I've been paying more attention to poetry these days, something I tend to do when I'm writing as it puts me in touch with language in deeper and more interesting ways. (I'm currently on an Anne Carson kick thanks to a recommendation from a friend; and I continue to be grateful for FSG's stubborn insistence on continuing to publish all manner of fine poets.) So I read with great interest Siobahn Phillips's thoughtful post on her daily poetry reading habits:
Like many of you, I would venture, I tend to read poems in different ways. If it’s poetry that I will write about or teach, I read with pen in hand, notes nearby, or laptop humming. But if it’s poetry that I consume without academic purpose, I could be sitting in a chair, outside with my computer, browsing a bookstore, or paging through a journal on a bus. My attention varies in quantity and quality; some weeks I consume more poems, and some days I expend more energy on them—memorizing a stanza, say, rather than nodding and moving on. Sometimes I read everything by one writer in a continuous immersion, like a lover sequestered for a long weekend, and sometimes I read around, like a party guest moving from conversation to conversation.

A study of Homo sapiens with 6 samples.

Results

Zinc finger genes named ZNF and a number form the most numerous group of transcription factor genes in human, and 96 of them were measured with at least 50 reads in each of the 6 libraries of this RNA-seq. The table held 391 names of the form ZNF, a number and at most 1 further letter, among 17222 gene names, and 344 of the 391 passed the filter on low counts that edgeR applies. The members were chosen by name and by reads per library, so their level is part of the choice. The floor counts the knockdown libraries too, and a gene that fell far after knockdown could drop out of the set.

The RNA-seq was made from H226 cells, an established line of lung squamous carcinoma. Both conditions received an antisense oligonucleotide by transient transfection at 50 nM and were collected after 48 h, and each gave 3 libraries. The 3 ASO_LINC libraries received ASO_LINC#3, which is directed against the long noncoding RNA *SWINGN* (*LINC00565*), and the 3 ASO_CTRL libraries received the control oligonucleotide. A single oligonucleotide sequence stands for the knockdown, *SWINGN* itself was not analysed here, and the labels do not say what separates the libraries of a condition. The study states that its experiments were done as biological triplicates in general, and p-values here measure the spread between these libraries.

When I began to consider reading and the everyday, however, I wondered what would happen if my desultory poetry consumption were more conscious. I thought I would try to make my reading habits part of the ordinary repetition I had been studying. After my caffeinated a.m. trawl of email messages and newspaper headlines, I decided, I would take in a regular allotment of just-for-pleasure poems, every morning. I would use some of the many sites that present daily or nearly-daily verse: “Today’s Poem” at the Academy of American Poets, the “Featured Poem” at Poetry magazine, the morning selection at Poetry Daily and Verse Daily, the “new poems” column at thepage.name—plus a site that offers a Shakespeare sonnet each day.
These rounds added maybe twenty minutes to my schedule; they weren’t onerous and didn’t feel drastically altering. But as I settled into the regimen, as I read and meta-read, taking notes and assessing results, I tracked definite shifts in reflection and perception.
You can find out what she discovered here.